Racing Aluminum lug nuts - Ford Mustang Forum

Hello, quick question for information or comments. I purchased some forged aluminum tuner racing lug nuts and they say the torque spec for them is 50-55 ft lbs. Our mustang stock lug nut torque is like 150. Has anyone used these aftermarket lug nuts and is it safe at the lower torque range? I searched but could not find the answer. thanks for any feedback.

edit: they say stock is steel and these after market are forged aluminum that's why it has a lower torque range.




If you are still using steel studs, you might want to use an anti-seize compound on the stud threads to prevent galvanic corrosion between the dissimilar metals.


the aluminum can't take the higher torque value without stripping, that's why they have a lower torque spec . . . but the correct torque spec for the wheels is based on preload in the steel studs, and should not change for the studs and wheels

my 2010 has the earlier lug nuts and the torque spec is 105 if I remember correctly; I think the 2015+ cars use a fine thread stud and that's why the torque value is higher (higher torque needed to produce the same preload with fine threads versus course, if I remember correctly)

so anyway, I would not be comfortable using 1/3 of the recommended torque; that's probably barely more than finger tight (small exaggeration)
Originally Posted by JBert View Post
hmmmm . . . this is a new one on me, I never heard of aluminum lug nuts before, and it doesn't sound like a very good idea to me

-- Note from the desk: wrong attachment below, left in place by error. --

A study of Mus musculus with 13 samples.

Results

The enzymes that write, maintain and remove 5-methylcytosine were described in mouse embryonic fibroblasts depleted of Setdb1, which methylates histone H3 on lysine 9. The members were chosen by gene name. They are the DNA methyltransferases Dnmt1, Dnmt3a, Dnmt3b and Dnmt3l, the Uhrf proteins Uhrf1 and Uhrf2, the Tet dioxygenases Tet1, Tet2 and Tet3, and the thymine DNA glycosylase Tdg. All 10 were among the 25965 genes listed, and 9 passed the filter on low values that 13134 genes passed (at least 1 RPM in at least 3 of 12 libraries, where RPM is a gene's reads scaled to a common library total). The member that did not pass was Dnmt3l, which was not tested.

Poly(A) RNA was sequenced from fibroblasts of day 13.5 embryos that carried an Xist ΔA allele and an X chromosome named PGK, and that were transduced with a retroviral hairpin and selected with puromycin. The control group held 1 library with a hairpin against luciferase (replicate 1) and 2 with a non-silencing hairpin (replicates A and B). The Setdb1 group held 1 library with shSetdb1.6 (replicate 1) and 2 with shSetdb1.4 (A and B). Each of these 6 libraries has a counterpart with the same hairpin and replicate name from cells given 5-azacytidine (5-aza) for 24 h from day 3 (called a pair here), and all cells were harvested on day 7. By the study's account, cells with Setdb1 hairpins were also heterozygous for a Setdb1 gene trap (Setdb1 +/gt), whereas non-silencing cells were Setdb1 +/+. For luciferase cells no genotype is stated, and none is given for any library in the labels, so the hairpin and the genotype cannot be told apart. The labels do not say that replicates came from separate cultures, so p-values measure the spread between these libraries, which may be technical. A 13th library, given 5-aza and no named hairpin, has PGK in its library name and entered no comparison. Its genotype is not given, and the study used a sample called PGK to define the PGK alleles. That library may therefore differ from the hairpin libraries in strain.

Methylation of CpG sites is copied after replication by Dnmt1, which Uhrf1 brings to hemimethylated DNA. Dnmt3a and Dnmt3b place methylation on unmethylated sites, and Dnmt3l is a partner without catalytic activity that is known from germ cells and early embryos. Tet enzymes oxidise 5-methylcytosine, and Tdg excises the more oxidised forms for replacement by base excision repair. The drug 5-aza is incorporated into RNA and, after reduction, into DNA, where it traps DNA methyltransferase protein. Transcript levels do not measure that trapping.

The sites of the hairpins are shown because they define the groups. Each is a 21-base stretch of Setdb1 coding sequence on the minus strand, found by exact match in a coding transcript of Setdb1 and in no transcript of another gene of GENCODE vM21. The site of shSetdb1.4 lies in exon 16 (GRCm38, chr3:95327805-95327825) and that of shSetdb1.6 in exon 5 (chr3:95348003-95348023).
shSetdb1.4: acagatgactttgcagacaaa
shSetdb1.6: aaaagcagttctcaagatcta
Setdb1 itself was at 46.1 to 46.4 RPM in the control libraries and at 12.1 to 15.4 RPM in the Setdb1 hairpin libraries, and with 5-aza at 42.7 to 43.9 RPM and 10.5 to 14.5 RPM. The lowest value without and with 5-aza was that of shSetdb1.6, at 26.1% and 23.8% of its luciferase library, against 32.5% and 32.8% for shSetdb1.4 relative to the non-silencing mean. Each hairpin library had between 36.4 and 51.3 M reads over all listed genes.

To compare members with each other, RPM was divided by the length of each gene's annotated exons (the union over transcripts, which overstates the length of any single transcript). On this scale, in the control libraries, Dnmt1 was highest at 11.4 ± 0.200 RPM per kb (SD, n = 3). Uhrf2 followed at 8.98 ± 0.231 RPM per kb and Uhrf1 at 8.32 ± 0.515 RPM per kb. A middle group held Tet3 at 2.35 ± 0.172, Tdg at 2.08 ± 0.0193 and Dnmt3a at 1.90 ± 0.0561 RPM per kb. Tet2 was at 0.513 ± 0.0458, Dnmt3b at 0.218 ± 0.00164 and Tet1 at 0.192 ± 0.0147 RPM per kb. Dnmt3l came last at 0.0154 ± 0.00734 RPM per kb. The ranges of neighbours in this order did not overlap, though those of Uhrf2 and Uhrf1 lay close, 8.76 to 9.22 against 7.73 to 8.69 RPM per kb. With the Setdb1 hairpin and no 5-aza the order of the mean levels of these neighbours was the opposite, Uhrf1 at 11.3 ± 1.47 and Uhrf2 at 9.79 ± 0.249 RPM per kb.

the aluminum can't take the higher torque value without stripping, that's why they have a lower torque spec . . . but the correct torque spec for the wheels is based on preload in the steel studs, and should not change for the studs and wheels

my 2010 has the earlier lug nuts and the torque spec is 105 if I remember correctly; I think the 2015+ cars use a fine thread stud and that's why the torque value is higher (higher torque needed to produce the same preload with fine threads versus course, if I remember correctly)

so anyway, I would not be comfortable using 1/3 of the recommended torque; that's probably barely more than finger tight (small exaggeration)



The 2014 and earlier also used fine threads for lugs and studs. The studs were 7/16 fine thread and were torqued to 105ft/lbs. The 2015 and later studs were changed to 14mm metric fine thread. 14mm is .55 inches, the torque for that size steel stud is 150ft/lbs. I have traction control devices (Spike Spider Sport) that use a steel lug/stud adapter. When I traded in my 2010 GT for a 2016 GT I had to get new steel lug/stud adapters to use with my existing traction control devices with the 2016 GT.



Most of those racing lugs are made to be used for just one race, so they don't worry about the corrosion factor. I wouldn't want to use anything other than steel either. I don't think the weight savings would be noticed in a 460 hp engine.


2010 Kona Blue GT Premium traded in June 2016 for a 2016 Oxford White GT Premium with Ceramic interior. Automatic transmission, Sync3, p265/35r20 tires, Shaker audio system. Other vehicles 1964 Pontiac Catalina 389, 1972 Pontiac Lemans 400, 1967 Ford F-100 352, 2016 Ford F-350 Dually, 2003 Ford Crown Victoria LX.